Today's Global Hit features an artist who's been described as "electronica's first cabaret artist." But that barely begins to explain this flamboyant Finnish musician. Jimi Tenor has a huge following in Europe. Reporter Susan Stone caught up with him recently in Berlin.
Jimi Tenor with one of his invented instruments, the "noisebox": photo James CumpstyJimi Tenor with one of his invented instruments, the "noisebox": photo James Cumpsty
With his space-age grooves and out-of-this world stage outfits, Jimi Tenor may sometimes seem like he's from another planet. But he's really from the town of Lahti in Finland, where he was born with the name Lassi Lehto. He studied CLASSICAL flute and music theory but he realized early on he wasn't comfortable with that world.
Jimi Tenor: photo: Kitty-Yo RecordsJimi Tenor: photo: Kitty-Yo Records
TENOR: When I was in the music school, I couldn't get along with the people. So when I really learned how to play was when I left the music school and tried to practice and play with bands.
Jimi Tenor: photo: Dirk MertenJimi Tenor: photo: Dirk Merten
Sitting on the lawn of a Berlin hotel after a gig, Tenor is soft-spoken and low key. THAT'S IN contrast to his energetic stage presence. The Jimi Tenor experience includes jazz, industrial, world music, and a techno hit ten years ago.
He's a multi-instrumentalist who plays flute, piano, and his namesake, the tenor sax -to name a few. Tenor has also invented instruments MADE out of wood from OLD saunas, used bits of film, and solar cells, to create the sounds he needs for HIS music.
TENOR: It's a pretty romantic view I have of music - I always have. I try to do things which are fun but somehow touching at the same time.
And presentation is part of that mix as well. TENOR performs in red kaftans, silvery gowns, and embroidered robes.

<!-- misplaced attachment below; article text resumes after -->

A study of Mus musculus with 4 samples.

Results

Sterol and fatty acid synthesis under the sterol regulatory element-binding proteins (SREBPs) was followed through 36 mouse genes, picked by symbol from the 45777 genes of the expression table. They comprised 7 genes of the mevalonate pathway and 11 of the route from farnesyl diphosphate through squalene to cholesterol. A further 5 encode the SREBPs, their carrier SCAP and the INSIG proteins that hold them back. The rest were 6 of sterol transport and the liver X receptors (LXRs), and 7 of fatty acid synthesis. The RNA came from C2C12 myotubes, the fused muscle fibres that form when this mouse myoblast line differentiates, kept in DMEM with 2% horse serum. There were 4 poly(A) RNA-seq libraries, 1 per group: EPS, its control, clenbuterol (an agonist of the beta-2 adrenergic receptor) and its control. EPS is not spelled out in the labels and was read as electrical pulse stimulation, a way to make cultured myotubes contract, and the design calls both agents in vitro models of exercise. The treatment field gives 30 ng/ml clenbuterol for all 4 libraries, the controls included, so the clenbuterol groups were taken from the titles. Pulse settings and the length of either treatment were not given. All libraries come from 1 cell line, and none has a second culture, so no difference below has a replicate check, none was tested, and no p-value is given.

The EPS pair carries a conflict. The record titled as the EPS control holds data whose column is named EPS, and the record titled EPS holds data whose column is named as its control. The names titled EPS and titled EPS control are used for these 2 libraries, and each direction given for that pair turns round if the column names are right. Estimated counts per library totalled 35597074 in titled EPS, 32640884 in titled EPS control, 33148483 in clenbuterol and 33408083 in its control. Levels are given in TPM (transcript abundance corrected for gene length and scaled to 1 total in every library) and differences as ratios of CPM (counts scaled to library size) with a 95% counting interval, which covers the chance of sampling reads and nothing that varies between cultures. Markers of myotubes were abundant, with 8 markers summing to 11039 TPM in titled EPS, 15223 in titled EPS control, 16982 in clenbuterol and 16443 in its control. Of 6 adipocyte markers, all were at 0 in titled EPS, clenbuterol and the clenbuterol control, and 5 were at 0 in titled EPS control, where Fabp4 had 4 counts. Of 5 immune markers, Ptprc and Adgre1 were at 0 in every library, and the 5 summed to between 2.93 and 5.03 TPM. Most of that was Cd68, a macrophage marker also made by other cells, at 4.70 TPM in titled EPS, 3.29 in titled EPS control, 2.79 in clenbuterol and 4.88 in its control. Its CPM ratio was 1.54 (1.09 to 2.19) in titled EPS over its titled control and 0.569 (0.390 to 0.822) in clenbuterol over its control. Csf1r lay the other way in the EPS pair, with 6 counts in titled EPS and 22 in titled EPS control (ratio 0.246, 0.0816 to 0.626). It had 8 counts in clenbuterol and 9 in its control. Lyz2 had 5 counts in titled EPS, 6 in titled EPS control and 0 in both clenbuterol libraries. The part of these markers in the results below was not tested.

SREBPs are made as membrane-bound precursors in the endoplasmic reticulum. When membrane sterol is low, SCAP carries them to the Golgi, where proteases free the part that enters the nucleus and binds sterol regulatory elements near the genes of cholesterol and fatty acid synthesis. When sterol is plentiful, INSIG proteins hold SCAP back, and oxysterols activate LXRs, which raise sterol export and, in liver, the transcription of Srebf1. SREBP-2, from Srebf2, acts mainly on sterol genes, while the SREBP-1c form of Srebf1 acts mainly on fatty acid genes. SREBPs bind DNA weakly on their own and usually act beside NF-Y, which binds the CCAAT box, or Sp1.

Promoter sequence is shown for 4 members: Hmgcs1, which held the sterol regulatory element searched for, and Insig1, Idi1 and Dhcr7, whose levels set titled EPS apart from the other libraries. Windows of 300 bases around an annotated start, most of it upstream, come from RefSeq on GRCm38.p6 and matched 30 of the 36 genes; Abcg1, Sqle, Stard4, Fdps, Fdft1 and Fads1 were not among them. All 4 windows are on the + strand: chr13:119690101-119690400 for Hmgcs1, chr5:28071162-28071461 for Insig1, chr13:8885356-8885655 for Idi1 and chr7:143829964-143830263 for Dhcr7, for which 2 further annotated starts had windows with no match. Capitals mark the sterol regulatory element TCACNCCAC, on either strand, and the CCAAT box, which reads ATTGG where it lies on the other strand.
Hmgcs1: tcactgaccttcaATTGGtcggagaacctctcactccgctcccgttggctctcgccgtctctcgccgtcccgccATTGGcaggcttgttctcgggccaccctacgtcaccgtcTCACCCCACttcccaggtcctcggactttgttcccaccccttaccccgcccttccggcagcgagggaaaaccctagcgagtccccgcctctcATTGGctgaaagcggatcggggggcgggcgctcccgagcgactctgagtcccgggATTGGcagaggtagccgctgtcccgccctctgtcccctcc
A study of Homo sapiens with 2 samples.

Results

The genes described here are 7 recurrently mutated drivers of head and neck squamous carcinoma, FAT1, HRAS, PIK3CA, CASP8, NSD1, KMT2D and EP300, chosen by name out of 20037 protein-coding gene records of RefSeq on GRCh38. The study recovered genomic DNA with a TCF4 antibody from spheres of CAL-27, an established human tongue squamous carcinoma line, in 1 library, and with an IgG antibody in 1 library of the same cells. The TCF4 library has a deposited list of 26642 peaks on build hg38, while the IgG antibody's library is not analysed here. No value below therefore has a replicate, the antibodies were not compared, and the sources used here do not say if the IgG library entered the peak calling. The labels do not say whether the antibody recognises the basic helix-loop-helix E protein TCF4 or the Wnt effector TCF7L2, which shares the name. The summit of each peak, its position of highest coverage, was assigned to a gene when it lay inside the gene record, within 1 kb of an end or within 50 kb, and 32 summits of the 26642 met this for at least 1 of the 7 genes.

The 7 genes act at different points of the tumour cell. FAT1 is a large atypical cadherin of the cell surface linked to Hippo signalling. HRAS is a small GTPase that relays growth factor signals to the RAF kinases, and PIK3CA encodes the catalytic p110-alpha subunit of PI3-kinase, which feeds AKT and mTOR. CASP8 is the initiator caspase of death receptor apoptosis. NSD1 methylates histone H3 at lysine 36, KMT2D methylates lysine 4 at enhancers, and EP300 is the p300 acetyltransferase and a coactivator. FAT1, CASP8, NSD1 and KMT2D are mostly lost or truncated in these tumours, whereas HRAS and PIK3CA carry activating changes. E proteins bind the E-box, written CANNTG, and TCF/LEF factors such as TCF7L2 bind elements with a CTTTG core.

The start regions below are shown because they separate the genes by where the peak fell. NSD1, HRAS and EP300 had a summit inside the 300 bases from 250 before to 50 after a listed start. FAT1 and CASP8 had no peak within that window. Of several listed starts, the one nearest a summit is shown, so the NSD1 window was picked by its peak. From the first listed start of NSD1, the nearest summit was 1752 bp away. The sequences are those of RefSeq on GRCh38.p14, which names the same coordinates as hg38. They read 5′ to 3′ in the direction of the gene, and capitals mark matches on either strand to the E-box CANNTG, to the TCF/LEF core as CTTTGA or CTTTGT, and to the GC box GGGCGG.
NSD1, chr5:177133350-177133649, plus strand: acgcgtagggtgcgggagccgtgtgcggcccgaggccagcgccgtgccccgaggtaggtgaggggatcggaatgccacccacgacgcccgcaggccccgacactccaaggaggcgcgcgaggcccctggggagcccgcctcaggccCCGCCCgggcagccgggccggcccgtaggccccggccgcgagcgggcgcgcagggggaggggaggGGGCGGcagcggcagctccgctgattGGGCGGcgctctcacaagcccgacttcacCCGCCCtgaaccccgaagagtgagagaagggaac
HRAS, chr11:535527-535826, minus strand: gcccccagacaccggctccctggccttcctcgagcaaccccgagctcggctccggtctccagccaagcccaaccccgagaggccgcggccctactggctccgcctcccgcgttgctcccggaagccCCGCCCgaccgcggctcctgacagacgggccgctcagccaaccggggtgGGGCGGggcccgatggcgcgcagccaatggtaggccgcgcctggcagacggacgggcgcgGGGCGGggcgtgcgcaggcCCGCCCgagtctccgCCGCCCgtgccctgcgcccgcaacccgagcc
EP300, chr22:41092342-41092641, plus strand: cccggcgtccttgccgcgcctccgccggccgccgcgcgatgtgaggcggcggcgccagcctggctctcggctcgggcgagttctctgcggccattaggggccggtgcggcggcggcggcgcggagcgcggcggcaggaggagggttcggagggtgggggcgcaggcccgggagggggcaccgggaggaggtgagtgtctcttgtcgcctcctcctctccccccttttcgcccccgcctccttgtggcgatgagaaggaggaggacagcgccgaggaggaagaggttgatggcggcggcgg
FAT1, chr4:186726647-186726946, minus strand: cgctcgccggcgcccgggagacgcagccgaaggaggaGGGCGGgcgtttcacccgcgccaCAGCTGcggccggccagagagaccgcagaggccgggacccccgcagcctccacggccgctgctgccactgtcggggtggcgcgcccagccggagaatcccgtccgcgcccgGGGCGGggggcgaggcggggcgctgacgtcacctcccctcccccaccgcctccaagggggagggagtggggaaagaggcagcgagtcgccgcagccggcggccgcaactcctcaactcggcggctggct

TENOR: I think it's very traditional show biz thing, you go on stage, you put something on, which is interesting and I think it's just like "respect the stage.
Jimi Tenor's style also gives hints to his influences of 70's funk and soul. He even throws classical into the loop. Tenor was asked by German music label Deutsche Grammophone to re-interpret music from ITS back catalogue. He chose this song - Six Pianos, by minimalist composer Steve Reich, which, not surprisingly is written for six pianos.
Tenor, ever a maximalist, adds a few extra instruments and some vocal harmonizing to the mix, creating a lush soundscape.
After stints LIVING in New York, Barcelona, London and Berlin, Tenor is back Finland, living and making music in the house where he grew up.
Tenor seems happiest and most successful being a hybrid; playing with the Deutsche Oper orchestra in one performance, and West African musicians Kabu Kabu in the next. Though he says he sometimes finds it hard to connect with other musicians as dedicated to music as he is.
CLIP: The best thing would to be some kind of semi-religious leader and have people following you everyday - you would do music everyday together. But not so many people are willing to do that. But that would be my goal. Another way to do it I guess is to pay people.
Either way, the cult of Jim Tenor continues. For the World, I'm Susan Stone in Berlin.